London-based company for recyclable and non-recyclable waste management, Cory, has inked a deal with Northern Lights JV to collaborate on a carbon capture and storage (CCS) project, enabling cross-border marine transportation of carbon between the UK and Norway.
At an event on Friday at the Norwegian Embassy in London, Cory and Northern Lights presented to an audience that included Jonas Gahr Støre, Prime Minister of Norway, Kwasi Kwarteng, UK Secretary of State for Business, Energy and Industrial Strategy, and Wegger Chr. Strømmen, Norway’s ambassador to the UK.
Cory informed in a statement that it has signed a Memorandum of Understanding (MoU) with the Northern Lights carbon transport and permanent storage project. This deal will enable the two parties to collaborate on the realisation of a CCS project between the UK and Norway.
Børre Jacobsen, Managing Director of Northern Lights JV, commented: “Our partnership with Cory is testament to the development of CCS across Europe. Shipping redefines the concept of access to CO2 storage and Northern Lights is therefore well-positioned to help accelerate the development of CCS. We are looking forward to working with Cory to realise the potential of the CCS market in support of climate targets. This will require technical and commercial innovation – as well as international collaboration.”
Under the terms of the deal, Cory and Northern Lights will explore the opportunity to ship carbon from Cory’s energy from waste operations on the River Thames in London to Northern Lights’ subsea carbon storage facilities in Norway. Aside from strengthening the UK and Norway’s free trade agreement, the partnership could help to create a blueprint for international carbon transportation and storage and the development of a global carbon trading market, according to Cory.
Dougie Sutherland, Chief Executive of Cory, remarked: “This partnership is significant from both a national and international perspective. Through this collaboration with Northern Lights, Cory will use its strategically advantageous position on the River Thames to explore the possibility of cross-border marine transportation of CO2.
“The importance of this agreement is threefold: it could be a step forward for CCS in the UK, a vital part of progressing the country’s net-zero ambitions; it could help to consolidate our trading relationship with Norway, one of the UK’s key energy partners; and it could create an initial template for an international carbon market.”
Back in 2021, Cory revealed plans to develop a major CCS project that could apply CCS technology to – what the company described as – the UK’s largest single-site energy from waste (EfW) operation, with the potential to create the world’s largest single-site EfW decarbonisation project.
Based on Cory’s projections, this could deliver 1.5 million tonnes of CO2 savings per annum by 2030 and provide a significant contribution to reducing the carbon emissions of the several million people Cory services in London and the South East of England. The company explained that this CCS project will aim to install technology to capture more than 90 per cent of the emissions from Cory’s existing EfW facility, and its new, adjacent EfW facility which is expected to be operational by 2026.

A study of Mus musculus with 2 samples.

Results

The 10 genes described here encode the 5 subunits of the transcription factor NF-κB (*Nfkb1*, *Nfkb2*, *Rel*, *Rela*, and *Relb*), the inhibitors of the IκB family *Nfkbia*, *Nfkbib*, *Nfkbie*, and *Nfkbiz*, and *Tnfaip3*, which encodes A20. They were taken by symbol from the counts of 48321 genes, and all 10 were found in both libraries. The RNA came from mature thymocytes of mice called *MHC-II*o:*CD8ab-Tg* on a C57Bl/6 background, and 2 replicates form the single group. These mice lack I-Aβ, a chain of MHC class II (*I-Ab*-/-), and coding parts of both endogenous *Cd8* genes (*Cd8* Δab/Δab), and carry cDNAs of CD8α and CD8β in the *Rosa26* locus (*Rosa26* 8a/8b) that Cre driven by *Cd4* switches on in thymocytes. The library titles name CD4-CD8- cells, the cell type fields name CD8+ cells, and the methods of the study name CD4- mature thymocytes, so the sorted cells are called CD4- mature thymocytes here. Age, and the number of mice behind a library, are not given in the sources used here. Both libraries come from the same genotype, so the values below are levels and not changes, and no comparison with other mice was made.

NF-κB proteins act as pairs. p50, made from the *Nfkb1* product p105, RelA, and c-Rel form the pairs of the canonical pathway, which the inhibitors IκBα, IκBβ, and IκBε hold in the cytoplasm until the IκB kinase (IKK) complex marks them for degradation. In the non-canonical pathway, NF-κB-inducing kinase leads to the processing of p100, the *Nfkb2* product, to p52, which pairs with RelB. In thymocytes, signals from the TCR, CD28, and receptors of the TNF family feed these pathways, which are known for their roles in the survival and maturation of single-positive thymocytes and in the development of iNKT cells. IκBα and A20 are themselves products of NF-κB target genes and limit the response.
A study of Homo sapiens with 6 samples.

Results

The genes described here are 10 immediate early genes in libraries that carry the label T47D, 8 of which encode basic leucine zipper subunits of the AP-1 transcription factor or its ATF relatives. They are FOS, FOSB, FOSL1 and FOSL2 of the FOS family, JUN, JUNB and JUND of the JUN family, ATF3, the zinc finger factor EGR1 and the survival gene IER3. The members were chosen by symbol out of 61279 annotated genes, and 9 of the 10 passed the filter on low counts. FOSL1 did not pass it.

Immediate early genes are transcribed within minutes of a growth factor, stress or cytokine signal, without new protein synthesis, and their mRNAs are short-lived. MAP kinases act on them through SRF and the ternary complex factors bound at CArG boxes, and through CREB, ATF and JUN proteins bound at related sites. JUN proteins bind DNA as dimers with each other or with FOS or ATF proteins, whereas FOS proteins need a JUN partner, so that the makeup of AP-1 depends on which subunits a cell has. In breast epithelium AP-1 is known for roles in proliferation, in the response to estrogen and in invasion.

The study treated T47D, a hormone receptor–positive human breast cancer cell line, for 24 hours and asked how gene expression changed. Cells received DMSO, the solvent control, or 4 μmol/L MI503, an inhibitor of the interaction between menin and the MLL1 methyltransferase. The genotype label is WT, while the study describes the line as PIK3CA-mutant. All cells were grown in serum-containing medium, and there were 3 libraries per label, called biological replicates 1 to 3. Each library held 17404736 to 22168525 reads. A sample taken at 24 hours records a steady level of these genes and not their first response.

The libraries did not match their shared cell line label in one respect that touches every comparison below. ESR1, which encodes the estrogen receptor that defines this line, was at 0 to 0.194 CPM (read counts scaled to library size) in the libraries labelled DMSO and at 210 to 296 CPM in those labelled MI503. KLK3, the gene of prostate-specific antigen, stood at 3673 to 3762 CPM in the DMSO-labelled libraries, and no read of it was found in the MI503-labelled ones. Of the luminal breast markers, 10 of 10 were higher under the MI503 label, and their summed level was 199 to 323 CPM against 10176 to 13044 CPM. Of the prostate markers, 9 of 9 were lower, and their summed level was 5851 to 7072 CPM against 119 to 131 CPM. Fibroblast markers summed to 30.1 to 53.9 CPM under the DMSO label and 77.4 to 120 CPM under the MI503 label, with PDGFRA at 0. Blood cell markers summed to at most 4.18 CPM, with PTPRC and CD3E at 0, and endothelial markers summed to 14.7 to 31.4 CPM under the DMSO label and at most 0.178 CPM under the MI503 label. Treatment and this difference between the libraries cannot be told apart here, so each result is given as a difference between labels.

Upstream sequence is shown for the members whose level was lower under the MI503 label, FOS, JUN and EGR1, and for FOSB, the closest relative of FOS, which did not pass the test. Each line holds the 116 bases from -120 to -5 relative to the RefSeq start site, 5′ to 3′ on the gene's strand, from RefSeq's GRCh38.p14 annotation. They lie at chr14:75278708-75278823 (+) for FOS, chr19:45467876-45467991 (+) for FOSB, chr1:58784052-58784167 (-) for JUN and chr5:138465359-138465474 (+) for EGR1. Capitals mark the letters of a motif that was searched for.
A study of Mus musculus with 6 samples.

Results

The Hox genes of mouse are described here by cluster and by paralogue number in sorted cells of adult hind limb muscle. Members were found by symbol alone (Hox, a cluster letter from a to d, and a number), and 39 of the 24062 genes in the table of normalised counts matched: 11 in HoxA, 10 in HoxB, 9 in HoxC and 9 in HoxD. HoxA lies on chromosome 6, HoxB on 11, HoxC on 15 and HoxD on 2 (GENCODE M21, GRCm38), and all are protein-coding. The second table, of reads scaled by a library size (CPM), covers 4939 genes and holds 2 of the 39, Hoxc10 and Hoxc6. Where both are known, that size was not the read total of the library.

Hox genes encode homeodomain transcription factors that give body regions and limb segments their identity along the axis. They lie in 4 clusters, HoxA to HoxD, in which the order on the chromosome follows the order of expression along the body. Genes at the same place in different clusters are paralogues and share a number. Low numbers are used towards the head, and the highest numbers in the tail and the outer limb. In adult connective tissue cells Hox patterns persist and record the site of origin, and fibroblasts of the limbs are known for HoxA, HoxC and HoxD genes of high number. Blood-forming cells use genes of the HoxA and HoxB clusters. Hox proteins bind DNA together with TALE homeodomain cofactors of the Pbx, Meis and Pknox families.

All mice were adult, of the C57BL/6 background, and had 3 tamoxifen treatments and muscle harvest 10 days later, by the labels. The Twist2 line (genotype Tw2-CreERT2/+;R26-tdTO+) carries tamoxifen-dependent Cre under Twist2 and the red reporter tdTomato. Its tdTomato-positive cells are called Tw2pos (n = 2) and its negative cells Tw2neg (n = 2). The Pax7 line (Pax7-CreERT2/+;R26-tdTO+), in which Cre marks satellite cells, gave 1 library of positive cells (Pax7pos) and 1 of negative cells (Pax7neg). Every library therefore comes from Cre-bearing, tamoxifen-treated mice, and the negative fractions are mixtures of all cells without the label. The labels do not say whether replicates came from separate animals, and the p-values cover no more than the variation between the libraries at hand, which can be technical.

In addition, the project intends to use marine shipment to transport liquefied CO2 to an offshore subsea storage site, highlighting the strategic importance of the Thames as existing, natural infrastructure, reducing the need for complex infrastructure to transport CO2 and providing flexibility and confidence as Cory will be able to access operational subsea storage locations.
Northern Lights is a part of Norway’s Longship project for establishing full-scale CO2 capture, transport and storage facilities in line with the country’s international climate agreements. The initial capacity will be 1.5 million tonnes of CO2 per year, however, subject to market demand, the capacity can be increased to over 5 million or more in later stages of development.
“This collaboration between Northern Lights and Cory aims to build on learnings from the Longship project and enable the accelerated deployment of CCS projects across the UK and Europe. Given Cory’s location on the river – with access to various domestic and international carbon storage sites – we must remain open to opportunities as CCS develops in the UK,” added Sutherland.
Prime Minister Jonas Gahr Støre commented: “If CCS is to become an effective climate measure, more countries will have to initiate projects, and we must build a market that extends across national borders. We, therefore, welcome the decision by one of the UK’s largest waste management companies to use our North Sea reservoir.”
When it comes to Northern Lights JV, it is worth noting that it is constantly looking for ways to enhance and improve this project further. To this end, Northern Lights awarded a deal to Global Maritime in March 2022 for the provision of Marine Warranty Surveying (MWS) services.
Equally owned by Equinor, Shell, and TotalEnergies, Northern Lights JV DA is a registered, incorporated General Partnership with Shared Liability (DA). The development plan for Northern Lights was approved in March 2021 by the Norwegian Ministry of Petroleum and Energy.